Monday, October 29, 2007

St Ives

Drawing towards the end of a busy month, Emma and I paid a visit to Cornwall, to see Cornish Ian, and his wife, Foxy Chloe (she being of a family of fox-hunting Countryside Alliance supporters). Upon reaching Cornwall, it was especially pleasing to find Ian in good form, despite his having lost his mother just over a month earlier (heart failure, in her mid-50s). I would have discreetly enquired as to how supportive Chloe had been, had it not been patently obvious that in her every move and comment, she was a tower of strength, support and practicality.

During our stay, we spent evenings with our hosts, and entertained ourselves during the day.

Leaving for a day in St Ives, I noticed the house name-plate that I’d missed on arriving, the previous evening.

On reaching the coast, the first major sighting of the sea is always pleasing. On this occasion, it translated into a shiver as I anticipated the bracing sea air.

We walked into town.
In a hairdresser’s, an old lady had her hair done. Perhaps she had been seduced by the images in the window.

In a confectioner’s, there was a dominant theme.

Our walk took us out onto the seafront, and along the short pier.

It was windy.

Returning to the seafront, I was chilled in a 'should have worn a thicker sweater' sort of way.
Emma agreed that we should take temporary refuge in a nearby café. It proved to be a hidden gem. Despite being part of a rather dated members-only club, we were able to stay due to Emma charming the bar staff.

Cosy, was the word.

As I’d imagined, looking out over the harbour was relaxing. The setting was one of those that is good for switching off, for fully unwinding, for idling.

The seagulls were putting on a good show.

We took a walk to the harbour’s west wall, whereupon Emma pointed out a seal that moved more quickly than my camera-phone-grabbing self did. Still, the azure couldn’t be taken for granted.

With morning disappeared, we wended our way back through the streets to the Sea Food Café, for lunch.

It was very popular – hat duly off to Emma for earlier suggesting that we book a table.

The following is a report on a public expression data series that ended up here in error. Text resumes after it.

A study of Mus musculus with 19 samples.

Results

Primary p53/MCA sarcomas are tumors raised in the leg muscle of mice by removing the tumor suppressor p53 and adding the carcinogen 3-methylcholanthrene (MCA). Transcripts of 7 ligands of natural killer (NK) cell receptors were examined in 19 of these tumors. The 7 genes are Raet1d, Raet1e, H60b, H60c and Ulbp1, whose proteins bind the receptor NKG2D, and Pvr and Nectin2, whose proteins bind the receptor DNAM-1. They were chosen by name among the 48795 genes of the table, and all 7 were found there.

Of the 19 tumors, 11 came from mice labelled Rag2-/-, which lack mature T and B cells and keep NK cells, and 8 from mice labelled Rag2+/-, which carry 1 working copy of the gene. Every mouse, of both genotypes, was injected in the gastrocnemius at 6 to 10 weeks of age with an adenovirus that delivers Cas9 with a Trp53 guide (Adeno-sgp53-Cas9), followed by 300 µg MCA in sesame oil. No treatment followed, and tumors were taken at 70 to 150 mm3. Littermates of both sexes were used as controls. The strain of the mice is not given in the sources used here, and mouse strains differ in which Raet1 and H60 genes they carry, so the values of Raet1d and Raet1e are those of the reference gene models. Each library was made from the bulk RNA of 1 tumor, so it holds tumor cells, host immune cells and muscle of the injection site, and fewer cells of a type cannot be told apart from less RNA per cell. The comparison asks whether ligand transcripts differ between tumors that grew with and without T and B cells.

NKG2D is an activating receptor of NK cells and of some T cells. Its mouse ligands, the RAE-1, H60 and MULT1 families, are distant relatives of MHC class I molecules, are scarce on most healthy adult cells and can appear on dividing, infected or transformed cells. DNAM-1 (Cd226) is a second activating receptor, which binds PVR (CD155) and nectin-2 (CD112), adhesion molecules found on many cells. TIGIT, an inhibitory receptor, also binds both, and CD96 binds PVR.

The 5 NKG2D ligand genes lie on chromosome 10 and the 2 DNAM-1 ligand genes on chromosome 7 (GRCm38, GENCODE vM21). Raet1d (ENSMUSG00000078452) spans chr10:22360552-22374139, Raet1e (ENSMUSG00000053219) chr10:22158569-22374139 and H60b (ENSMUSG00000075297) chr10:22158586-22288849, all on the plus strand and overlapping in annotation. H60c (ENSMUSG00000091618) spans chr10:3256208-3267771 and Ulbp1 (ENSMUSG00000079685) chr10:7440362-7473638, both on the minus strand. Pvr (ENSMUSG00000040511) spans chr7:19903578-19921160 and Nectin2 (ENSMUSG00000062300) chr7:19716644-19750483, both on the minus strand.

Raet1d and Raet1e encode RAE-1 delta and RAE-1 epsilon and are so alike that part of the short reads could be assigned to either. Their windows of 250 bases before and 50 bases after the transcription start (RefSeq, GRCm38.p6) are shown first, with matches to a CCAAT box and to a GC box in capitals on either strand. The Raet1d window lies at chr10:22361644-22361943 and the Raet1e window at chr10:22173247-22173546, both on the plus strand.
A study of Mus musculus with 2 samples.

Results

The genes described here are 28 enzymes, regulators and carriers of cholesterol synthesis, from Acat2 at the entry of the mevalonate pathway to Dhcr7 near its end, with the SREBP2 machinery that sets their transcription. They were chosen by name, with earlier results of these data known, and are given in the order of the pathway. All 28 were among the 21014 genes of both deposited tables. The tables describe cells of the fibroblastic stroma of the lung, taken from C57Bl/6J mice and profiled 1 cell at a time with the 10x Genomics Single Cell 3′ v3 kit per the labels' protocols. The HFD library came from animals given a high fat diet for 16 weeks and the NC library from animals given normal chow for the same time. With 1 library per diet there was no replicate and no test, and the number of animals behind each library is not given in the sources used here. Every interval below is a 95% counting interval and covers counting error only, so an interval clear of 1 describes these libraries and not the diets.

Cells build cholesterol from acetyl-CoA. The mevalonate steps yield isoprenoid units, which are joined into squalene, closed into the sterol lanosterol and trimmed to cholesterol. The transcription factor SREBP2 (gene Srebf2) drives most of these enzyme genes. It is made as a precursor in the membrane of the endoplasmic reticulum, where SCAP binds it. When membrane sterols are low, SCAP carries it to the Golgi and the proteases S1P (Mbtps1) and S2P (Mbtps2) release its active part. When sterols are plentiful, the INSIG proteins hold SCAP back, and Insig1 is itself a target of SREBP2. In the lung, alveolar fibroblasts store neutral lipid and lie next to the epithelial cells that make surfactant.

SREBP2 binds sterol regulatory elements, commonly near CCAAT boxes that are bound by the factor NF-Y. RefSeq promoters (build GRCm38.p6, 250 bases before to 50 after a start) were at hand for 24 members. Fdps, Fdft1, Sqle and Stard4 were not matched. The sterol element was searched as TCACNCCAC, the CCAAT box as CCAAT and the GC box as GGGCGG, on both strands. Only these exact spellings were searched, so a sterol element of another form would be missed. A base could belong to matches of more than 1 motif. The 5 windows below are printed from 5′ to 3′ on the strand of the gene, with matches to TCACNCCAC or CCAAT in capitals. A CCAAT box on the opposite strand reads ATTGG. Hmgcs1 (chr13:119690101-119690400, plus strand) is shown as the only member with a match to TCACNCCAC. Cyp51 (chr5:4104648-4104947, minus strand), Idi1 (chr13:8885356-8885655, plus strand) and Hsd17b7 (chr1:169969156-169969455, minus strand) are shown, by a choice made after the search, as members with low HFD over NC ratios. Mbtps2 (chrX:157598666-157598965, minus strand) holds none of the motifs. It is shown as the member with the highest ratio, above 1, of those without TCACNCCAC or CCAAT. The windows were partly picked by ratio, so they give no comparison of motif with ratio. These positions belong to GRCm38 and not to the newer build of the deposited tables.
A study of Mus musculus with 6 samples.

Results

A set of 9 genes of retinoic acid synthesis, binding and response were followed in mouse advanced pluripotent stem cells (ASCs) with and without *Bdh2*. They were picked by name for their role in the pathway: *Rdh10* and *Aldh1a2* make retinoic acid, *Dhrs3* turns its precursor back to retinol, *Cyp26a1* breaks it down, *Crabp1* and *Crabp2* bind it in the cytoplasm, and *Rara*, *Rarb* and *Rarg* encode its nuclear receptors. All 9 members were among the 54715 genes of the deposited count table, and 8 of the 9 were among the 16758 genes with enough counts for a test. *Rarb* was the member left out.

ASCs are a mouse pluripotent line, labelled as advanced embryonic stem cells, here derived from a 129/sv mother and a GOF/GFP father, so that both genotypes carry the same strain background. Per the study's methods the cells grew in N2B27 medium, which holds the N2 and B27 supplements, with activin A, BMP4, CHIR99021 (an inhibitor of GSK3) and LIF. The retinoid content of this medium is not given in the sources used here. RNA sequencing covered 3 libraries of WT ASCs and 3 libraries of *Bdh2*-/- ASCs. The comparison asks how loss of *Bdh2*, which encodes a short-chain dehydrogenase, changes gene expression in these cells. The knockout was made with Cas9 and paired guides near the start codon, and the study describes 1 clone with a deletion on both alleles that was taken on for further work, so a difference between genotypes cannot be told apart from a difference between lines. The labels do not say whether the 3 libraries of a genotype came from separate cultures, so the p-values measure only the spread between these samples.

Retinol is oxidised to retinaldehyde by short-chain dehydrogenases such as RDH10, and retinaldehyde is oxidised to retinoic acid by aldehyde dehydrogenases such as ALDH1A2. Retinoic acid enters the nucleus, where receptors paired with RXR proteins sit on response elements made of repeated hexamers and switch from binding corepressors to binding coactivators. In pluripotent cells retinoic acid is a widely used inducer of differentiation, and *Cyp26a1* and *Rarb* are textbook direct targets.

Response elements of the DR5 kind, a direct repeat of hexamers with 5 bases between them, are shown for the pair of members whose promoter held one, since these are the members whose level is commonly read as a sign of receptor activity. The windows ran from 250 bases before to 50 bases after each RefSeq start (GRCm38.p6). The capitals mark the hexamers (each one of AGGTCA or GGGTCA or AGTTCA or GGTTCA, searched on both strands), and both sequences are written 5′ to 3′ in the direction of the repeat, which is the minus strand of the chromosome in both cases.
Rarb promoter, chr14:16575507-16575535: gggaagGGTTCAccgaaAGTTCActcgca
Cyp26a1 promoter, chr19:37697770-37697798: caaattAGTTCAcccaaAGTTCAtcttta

Sated and warmed, we felt it necessary to take a walk, lest we be guilty of sloth.
Walking towards the west headland, we passed a fine knocker.

A butterfly, caught my eye.

Grey, blue and green, then forged a scene.

Back to the east, a windswept feast.

And with sunshine replete, we were cast at our feet.

We made a smooth return to town.

Emma spotted a necklace that she liked.

At which point, I remembered that we had committed to providing dessert.

Heading back to the car park, Emma recalled an unusual sign.

Emma: Did you see what that sign said – the one on the door of the bakers?
Shane: Nope. I was very much crumble-focused.
Emma: It said ‘Frozen rabbits – three pounds each’. In a cakes and sweets shop!
Shane: Really?
Emma: Yeah.
Shane: When in Cornwall...
Emma: Maybe.
Shane: Probably best not mention the store of frozen rabbits when we unveil the crumble.
Emma: Best not.
Shane: Mm. Now, if we hurry, we might be able to get up to Truro in time for me to show you that paper owl.
Emma: Paper owl?
Shane: Didn’t I mention it?

Back at our hosts’ home, we enjoyed a butternut squash risotto, followed by rhubarb crumble and custard – a beckoning winter beckons winter food.
At around 9pm, we were sat around talking. Emma paused mid-sentence.

Emma: …I can hear hooting.
All: (silence)
Shane: I can’t hear anything.
Emma: Shhhh.
(A barely audible tone)
Chloe: (whispering) Oh, brilliant! (rising) The owl box!
Shane: Eh?
Ian: (whispering, rising) She made me put up an owl box – in the tree just outside of your bedroom window – part of my unofficial bereavement therapy. Come on, let’s have a look – leave the upstairs lights off.

Up the stairs, onto the landing, a left turn, quietly – slowly - through the bedroom door, an immediate right turn, and we all crept towards the window.

Chloe looked first, then drew Emma closer to her. Emma waved Ian and I over.

Perched on a branch just outside of the owl box, looking away from us, sat a tawny owl.

Impressed, we whispered.

Shane: Good work.
Ian: Thanks.
Chloe: Good, isn’t it.
Emma: It’s amazing.
Despite very little light filtering into the room, I noticed Ian put an arm around Chloe. He smiled an owl-related half smile, but not without a wateriness to his eyes.


PI said...

I'm first! Now if you look at that first photo there appears to be an enormous sweet jar in the middle of the photo. Can you see it?
You two sound like the ideal holiday companions. Plenty of food and drink and fore thought with regard to same, gentle strolling and new jewellry. Perfect!

Zinnia Cyclamen said...

I'm second! Pat, I looked, I think the sweet jar is in the second photo. Shane, glad you and Emma had such a good time. Butternut squash risotto, mmmmm, was that the Prue Leith one with fried sage leaf/toasted walnut garnish?

Shane said...

Pi - They call it the Spectre of St Ives... the ghostly transfigured presence of a local 1930s confectioner. Spooky stuff.
Z - No, it was the Foxy Chloe variety - the walnut garnish doesn't sound familiar. There were fairly heavy cardamom tones.

PI said...

What would I do without you Zinnia?

OldHorsetailSnake said...

You are a wonderful writer, Mr. Shanester. You take good pictures of your shadow, too.

Is that Emma's hair? Looks very pretty from here.